Knowing what to give each year for all of the weddings that you’re invited to can be exhausting.
There are some very simple ways to make sure that you’re getting them the right gifts and at the right value.
- Buy off of their registry – Nearly every couple has a gift registry. They’ve done the thinking for you. Simply buy off of their list. In the best cases, their list will show what has been purchased so that they don’t 18 punch bowls on their wedding day.
- Entertaining, kitchen, and bed and bath – Household items, like great kitchen appliances are perfect gifts. It’s the type of thing that you can struggle to acquire, particularly when you’re young.
- Not less than $50 – Fifty dollars is the minimum that you can spend. The price-per-plate idea is bad. Even the wealthiest people in the world have begun to opt for less expensive affairs. Part of the guide to what to spend is based on where you live. As you know, $50 can buy a lot more in a rural area than it can in New York City.
Coworker or distant relative – $50 to $75
Relative or friend – Up to $100
Close relative or close friend – Up to $150
City-dweller – Over $200 won’t be too much
- Go big – Gather your money and buy a really big ticket item. For example, a television, a cruise, or a great mattress are all possibilities if you pool your money. If you have an office with 30 people and everyone kicks in $50, you have a decent pool of money to buy one really large gift. Again, look at their gift registry for those items that they list that they put there as a bit of wishful thinking.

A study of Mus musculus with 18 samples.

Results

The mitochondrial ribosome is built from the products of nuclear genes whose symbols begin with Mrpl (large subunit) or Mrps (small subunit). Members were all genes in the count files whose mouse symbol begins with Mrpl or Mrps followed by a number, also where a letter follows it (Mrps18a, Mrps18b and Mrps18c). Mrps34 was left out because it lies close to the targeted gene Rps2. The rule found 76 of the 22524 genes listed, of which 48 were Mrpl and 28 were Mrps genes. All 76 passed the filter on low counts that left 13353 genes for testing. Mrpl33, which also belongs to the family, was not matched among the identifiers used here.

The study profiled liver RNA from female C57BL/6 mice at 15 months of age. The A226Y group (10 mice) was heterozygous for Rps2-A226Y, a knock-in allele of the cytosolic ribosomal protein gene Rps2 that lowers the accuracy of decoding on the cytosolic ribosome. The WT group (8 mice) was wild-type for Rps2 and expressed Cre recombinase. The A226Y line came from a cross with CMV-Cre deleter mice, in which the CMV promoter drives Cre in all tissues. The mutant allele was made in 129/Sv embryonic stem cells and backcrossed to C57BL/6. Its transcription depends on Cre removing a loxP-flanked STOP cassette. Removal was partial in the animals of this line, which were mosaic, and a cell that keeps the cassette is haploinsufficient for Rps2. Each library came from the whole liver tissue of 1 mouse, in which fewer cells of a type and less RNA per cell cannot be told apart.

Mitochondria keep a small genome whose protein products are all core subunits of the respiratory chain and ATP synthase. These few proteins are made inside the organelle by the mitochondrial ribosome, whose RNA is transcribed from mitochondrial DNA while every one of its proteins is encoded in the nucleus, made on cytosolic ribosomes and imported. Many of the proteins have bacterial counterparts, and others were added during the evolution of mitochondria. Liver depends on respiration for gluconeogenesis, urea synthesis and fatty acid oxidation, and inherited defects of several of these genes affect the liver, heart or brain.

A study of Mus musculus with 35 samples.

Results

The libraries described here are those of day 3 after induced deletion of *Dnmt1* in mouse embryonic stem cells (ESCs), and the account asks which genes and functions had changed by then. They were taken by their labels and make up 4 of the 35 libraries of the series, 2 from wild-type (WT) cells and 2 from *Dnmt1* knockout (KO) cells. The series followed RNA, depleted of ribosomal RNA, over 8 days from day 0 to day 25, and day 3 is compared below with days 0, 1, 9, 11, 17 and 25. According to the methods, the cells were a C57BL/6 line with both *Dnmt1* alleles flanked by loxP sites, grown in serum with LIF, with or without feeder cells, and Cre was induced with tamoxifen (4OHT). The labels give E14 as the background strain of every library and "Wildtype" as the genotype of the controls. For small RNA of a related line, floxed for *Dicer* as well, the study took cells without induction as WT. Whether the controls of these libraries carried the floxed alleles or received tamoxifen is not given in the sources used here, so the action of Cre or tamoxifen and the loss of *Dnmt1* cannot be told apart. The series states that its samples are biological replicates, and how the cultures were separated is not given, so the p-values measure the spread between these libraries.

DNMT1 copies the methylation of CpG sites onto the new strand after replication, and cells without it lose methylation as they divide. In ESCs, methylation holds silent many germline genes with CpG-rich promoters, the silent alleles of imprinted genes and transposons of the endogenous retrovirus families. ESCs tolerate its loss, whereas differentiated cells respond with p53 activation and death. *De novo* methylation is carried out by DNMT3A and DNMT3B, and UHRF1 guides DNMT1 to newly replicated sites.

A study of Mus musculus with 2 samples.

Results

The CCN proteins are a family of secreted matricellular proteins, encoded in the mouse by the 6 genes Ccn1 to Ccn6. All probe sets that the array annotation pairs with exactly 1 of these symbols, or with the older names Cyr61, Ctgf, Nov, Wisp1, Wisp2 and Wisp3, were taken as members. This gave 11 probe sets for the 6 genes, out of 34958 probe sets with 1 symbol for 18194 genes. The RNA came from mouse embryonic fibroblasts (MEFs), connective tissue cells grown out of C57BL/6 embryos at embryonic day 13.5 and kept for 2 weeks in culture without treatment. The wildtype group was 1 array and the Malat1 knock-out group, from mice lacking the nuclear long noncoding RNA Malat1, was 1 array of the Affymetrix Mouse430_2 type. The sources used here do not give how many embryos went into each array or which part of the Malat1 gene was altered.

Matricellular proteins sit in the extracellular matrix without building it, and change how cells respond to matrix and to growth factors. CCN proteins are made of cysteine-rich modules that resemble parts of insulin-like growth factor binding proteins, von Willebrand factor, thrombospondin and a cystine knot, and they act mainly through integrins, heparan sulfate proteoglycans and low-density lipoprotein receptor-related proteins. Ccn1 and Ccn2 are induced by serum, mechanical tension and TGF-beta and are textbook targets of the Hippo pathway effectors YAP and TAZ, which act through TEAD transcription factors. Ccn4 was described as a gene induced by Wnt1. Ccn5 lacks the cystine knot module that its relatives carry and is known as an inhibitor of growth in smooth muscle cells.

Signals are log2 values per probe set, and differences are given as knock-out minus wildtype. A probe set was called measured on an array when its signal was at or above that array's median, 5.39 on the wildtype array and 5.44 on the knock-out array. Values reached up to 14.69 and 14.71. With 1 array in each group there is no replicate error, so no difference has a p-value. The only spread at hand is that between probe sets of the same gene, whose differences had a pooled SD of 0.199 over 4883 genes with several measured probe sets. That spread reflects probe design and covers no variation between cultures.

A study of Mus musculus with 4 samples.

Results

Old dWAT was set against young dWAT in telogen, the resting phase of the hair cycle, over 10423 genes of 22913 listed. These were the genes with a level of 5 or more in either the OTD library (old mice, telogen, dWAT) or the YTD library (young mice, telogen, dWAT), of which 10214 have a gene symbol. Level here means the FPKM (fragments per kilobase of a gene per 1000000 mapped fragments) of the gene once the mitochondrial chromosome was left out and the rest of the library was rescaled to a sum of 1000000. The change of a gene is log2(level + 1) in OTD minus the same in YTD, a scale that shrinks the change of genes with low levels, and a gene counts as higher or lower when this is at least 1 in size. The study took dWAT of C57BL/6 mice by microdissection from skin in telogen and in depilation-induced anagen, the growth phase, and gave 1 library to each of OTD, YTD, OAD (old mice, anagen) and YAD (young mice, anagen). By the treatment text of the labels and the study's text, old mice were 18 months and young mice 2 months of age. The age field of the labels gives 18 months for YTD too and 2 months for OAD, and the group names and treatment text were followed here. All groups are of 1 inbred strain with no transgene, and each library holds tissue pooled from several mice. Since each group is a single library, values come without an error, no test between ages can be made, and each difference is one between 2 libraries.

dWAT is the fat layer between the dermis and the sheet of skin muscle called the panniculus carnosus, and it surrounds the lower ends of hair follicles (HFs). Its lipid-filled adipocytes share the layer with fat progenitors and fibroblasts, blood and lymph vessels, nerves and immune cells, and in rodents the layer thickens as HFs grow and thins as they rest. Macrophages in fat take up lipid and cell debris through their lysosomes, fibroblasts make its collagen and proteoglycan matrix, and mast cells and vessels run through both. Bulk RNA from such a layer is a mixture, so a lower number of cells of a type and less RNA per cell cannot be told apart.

- Personalized/customized – Gifts that are engraved for the couple are great, as long as it’s something practical that they can use. A personalized bath mat is much more useful than an engraved cake server. Think about what’s useful and give them that. The days of spare fine china and “good silver” are kind of gone. It’s a nice idea as an investment for someone, but it’s not something that they will use a lot (unless they live in the Hamptons). Think about their lifestyle to make these types of decisions.
- Deliver in two months – Although it seems like a customary idea to bring gifts to the reception, don’t. The happy couple, headed to a hotel for the night or on their honeymoon are now having to worry about getting a lot of gifts to the house. Deliver, or have delivered, your gift within two months. Never let it go more than a year. If it does, just forget it and know that you missed the mark there.
The rules of what to give have changed. Even in wealthier circles, there is a move toward more practical gifts, but the spending rules are the same. Simply pay attention to giving a great gift that cost enough money to feel like you care.
Most importantly: Actually care and pay attention to what they need. For example, if it’s a teacher that’s getting married right after graduation, money to pay students loans or even a gift card to an office supply store can be a great gift. Since you don’t have to (and shouldn’t) deliver it at the wedding, you can visit and explain the logic of what you’re doing.